News Column

Republicans Rebuke Jenny Rivera as Nominee for NY High Court Post

Feb 5, 2013

Tom Precious

Jenny Rivera

Senate Republicans on the Judiciary Committee voted against Gov. Andrew Cuomo's choice of a Hispanic woman to the state's highest court, a rare rebuke of a governor's nominee.

The nomination of Jenny Rivera, a law professor, will still go to the Senate floor for a full vote even though she did not have the affirmative support from a majority of the Senate Judiciary Committee's members.

The governor's choice for a post on the state's highest court faced an unusually tense five-hour nomination hearing Monday before the Senate Judiciary Committee. In a break with tradition, the committee postponed a final vote until this morning whether to send her nomination to the full Senate floor for confirmation.

In this morning's hearing, Republicans as a group, including Erie County state Sen. Mike Ranzenhofer, voted mostly no or "without recommendation" to send Rivera's nomination to the floor.

In the end, she was backed by 11 Senate Democrats; three Republicans who voted "without recommendation'' legally end up counting as votes that still send her nomination to the floor. Eight Senate Republicans voted no and one member was absent from the session.

Republican critics said Rivera, a law school professor at City University of New York who served as a civil rights division head under Cuomo when he was the state attorney general, does not have the wide range of legal experience needed to join the Court of Appeals.

Sen. John DeFrancisco, a Syracuse Republican, said he understands Cuomo wants to have an Hispanic judge on the court, and said he would welcome the opportunity to vote for a "qualified'' Hispanic nominee.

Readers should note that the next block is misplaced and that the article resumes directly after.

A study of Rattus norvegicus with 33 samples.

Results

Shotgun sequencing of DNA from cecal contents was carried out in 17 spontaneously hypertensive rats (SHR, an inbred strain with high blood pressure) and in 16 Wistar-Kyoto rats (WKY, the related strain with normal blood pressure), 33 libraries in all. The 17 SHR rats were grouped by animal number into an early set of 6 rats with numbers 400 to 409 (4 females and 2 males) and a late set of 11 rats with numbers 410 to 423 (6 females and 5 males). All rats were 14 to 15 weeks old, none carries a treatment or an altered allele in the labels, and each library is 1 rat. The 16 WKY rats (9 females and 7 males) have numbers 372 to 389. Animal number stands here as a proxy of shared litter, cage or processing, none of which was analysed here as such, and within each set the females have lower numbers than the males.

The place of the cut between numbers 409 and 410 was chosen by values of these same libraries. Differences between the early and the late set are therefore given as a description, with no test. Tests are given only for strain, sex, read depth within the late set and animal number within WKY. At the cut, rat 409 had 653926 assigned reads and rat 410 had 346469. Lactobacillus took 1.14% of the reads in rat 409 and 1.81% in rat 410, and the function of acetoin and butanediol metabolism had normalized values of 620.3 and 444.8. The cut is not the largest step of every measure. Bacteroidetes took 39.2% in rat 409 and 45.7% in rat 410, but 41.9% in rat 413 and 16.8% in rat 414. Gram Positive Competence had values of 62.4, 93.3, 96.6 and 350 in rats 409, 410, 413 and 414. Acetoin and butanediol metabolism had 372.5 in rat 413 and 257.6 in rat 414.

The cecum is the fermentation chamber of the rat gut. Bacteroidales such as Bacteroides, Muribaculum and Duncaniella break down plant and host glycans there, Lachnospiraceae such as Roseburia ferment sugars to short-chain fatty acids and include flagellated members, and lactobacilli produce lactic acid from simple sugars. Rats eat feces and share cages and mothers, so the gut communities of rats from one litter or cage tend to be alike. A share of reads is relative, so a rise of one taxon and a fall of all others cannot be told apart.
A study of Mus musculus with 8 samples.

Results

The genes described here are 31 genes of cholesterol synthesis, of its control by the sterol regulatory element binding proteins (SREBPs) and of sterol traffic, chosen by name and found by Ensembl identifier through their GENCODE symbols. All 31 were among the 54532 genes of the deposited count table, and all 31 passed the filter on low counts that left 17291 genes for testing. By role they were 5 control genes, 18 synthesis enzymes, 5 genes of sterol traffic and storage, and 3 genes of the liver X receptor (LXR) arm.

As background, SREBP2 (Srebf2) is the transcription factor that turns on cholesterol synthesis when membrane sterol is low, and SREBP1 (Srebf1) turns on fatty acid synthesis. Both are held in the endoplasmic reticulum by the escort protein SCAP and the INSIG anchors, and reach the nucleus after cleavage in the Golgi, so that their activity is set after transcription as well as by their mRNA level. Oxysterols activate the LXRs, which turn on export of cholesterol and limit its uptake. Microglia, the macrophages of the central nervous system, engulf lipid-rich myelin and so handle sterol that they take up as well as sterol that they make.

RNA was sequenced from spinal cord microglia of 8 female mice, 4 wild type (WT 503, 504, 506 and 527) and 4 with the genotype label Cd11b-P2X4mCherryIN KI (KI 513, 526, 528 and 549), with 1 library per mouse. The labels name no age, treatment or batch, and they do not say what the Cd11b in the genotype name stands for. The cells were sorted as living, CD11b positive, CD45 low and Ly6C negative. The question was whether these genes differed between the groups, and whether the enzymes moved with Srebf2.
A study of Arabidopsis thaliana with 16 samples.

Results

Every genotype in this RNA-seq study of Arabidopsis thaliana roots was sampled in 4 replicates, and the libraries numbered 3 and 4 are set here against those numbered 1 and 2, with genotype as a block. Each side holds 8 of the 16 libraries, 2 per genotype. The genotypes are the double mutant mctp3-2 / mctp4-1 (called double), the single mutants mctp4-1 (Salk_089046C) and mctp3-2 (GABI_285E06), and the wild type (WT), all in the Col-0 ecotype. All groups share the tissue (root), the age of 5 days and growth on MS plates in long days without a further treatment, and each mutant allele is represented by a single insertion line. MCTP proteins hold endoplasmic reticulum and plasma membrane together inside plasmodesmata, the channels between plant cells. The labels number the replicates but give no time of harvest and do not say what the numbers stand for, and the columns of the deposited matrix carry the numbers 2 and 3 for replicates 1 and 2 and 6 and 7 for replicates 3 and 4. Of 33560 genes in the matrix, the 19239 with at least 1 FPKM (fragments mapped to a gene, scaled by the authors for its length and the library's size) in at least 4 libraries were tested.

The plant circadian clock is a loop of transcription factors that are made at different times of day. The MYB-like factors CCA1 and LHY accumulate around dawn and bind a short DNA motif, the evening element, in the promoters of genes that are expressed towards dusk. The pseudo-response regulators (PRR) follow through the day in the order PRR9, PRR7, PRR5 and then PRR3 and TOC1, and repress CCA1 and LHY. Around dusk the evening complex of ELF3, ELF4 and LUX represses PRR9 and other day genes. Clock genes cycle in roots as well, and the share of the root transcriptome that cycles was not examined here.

"We have to have the most qualified person we can get for this position ... This candidate is not that candidate,'' DeFrancisco said.

That a Cuomo nominee was having even the most modest of push back by the Senate Republicans, who have been some of the most loyal group of lawmakers during Cuomo's first two years in office, was noteworthy on its own. For the governor, who works especially hard to get unanimous support on many of his policies and nominations, the past two days have shown a less-than-comfortable position for him in the Senate.

Is this a sign of Senate Republicans standing up to Cuomo? Shoitly before the Rivera vote, Senate Republicans said they were holding a news conference today to criticize Cuomo's plan to continue a state surcharge on utility companies -- a tax that gets passed onto consumers.

There has been some dissent within the Senate Republican conference -- which shares the control of the Senate with a five-member group of breakaway Democrats -- since the recent approval of Cuomo's gun control plan. More conservative GOP senators have privately said the Senate has been leaning too far to the left in going along with Cuomo over the past two years.

Gubernatorial nominees to agencies, boards and courts rarely get the kind of public push back Rivera saw from Senate Republicans the past two days. The Senate is the body charged with confirming gubernatorial nominees, and the legislative chamber typically defers to governors in their selection of everything from state agency heads to judges; the situation was serious enough that senior Cuomo aides, including his counsel Mylan Denerstein, attended the committee session today.]

Two members of the breakaway group of Democrats -- senators Diane Savino of Staten Island and Malcolm Smith of Queens -- joined with the main group of Democrats to endorse Rivera's spot on the court. Democrats said she is qualified to serve, and they pointed to judges on the highest court over the years who had no judicial backgrounds before joining the Court of Appeals.

Sen. Ruth Hassell-Thompson, a Westchester County Democrat, said Republicans "attacked her'' during Monday's hearing and "interrogated'' her background and education. "How dare we ... We should be ashamed,'' she told Republicans.

"If this body rejects Professor Jenny Rivera for this position, I believe it to be an offense to the struggle of women, for women seeking qualified employment opportunities. It's an insult to the diversity and aspirations of Hispanic Americans everywhere," she said, adding a rejection of her nomination would be "a slap in the face of the governor.''

But Senate Judiciary Committee Chairman John Bonacic, a Mid-Hudson Valley Republican, said the seven-member high court makes "decisions that will affect New Yorkers for generations to come.''

He said he is concerned about what he called the "social engineering'' of the court's selections along racial and gender lines. "I don't subscribe to that,'' he said, noting the court's importance calls for the most qualified judges.